A European Phase III trial has become a major stress for British biotech Diurnal. Its specially designed hormone therapy was no better than conventional therapies in treating an inherited hormonal disorder.
Congenital adrenal hyperplasia is a rare genetic condition where patients lack crucial enzymes for making hormones. The most common form lacks 21-hydroxylase, the enzyme that produces cortisol, the hormone we use to deal with stress.
“Cortisol is an essential … steroid hormone required for healthy life,” Martin Whitaker, CEO of Diurnal, told me. Due to the lack of cortisol, the condition causes developmental defects, infertility and can be deadly.
Furthermore, cortisol and male steroid hormones are both derived from cholesterol. The loss of the cortisol-producing enzyme increases the production of male steroid hormones, contributing to the symptoms.
Conventional therapies for this disease involve giving patients cortisol and other similar hormones. However, according to Whitaker, conventional therapies inadequately control the male hormone levels in around two thirds of patients.
Diurnal says that current treatments are not adequate because they produce levels of cortisol and male hormones that poorly resemble normal physiological rhythms through the day. For example, they cause abnormal ‘peaks’ in male hormone levels in the morning. To combat this, Diurnal’s slow release cortisol capsules, called Chronocort, are designed to regulate hormone levels to more closely resemble human physiology.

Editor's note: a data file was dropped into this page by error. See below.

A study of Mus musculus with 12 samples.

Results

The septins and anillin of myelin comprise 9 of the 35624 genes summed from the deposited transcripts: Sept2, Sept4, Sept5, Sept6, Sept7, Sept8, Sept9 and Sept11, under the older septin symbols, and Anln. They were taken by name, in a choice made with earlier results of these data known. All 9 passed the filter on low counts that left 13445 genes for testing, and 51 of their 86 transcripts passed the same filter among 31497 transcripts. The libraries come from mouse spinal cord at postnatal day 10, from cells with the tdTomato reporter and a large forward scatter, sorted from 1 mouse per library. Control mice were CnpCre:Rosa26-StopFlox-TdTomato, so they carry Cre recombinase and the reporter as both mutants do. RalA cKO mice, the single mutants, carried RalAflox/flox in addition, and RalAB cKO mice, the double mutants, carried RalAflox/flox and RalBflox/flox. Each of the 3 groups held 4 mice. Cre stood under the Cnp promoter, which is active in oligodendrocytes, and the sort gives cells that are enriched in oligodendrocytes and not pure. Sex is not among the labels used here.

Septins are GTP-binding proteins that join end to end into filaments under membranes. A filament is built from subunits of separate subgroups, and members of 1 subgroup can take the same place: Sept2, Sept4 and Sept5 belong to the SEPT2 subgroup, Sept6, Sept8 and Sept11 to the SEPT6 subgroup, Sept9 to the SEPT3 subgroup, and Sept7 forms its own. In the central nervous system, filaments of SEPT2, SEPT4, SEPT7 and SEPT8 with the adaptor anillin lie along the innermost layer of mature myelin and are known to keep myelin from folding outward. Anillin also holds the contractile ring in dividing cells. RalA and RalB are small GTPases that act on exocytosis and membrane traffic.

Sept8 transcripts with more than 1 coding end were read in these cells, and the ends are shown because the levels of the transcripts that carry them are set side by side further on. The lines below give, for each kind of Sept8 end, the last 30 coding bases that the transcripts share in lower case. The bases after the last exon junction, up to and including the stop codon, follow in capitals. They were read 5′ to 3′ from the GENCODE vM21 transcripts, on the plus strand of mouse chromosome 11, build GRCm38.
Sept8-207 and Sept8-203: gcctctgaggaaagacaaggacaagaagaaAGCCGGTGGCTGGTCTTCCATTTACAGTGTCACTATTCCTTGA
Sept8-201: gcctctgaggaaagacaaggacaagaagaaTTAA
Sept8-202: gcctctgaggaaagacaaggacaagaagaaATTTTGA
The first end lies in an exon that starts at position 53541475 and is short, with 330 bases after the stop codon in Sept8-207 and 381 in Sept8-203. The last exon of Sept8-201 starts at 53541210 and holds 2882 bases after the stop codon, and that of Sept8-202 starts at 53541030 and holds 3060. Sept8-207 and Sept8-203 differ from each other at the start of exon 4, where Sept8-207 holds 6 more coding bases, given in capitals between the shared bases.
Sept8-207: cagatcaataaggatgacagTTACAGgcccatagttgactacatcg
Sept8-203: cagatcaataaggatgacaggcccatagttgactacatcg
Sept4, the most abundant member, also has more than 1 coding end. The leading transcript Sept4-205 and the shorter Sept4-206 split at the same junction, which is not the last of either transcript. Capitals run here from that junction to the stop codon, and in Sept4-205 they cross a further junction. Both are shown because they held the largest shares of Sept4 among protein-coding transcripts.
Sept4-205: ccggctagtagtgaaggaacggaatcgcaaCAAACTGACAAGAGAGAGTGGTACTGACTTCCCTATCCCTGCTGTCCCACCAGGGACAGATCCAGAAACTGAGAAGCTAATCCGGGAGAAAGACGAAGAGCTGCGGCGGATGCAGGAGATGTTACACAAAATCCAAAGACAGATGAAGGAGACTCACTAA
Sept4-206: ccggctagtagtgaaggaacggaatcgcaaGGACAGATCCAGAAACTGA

Diurnal’s Phase III trial tested Chronocort in 122 adult patients over 24 weeks to see if Chronocort reduced male hormone levels better than conventional therapies. Unfortunately for the company, Chronocort failed to meet the primary endpoint of the trial and was no better than conventional therapies at controlling male hormone levels. “The primary endpoint is identical to the previously successful Phase II clinical trial for Chronocort,” commented Whitaker. “The results of the Phase III are a surprise.”
Despite these dispiriting results, the Chronocort group lacked the problematic morning peak in male hormone levels observed in conventional therapies. Remaining confident, Diurnal plans to discuss the results with European regulators and has launched a Phase III trial of Chronocort in the US. “Diurnal continues to believe that Chronocort could provide valuable treatment options,” Whitaker affirmed.
The market reacted badly to the news on the morning of the release, with the company’s stock prices falling by around 60% when the London Stock Exchange opened.
These results were an unexpected setback for the company, especially after obtaining market approval in Europe for a different cortisol therapy for children with adrenal insufficiency earlier this year.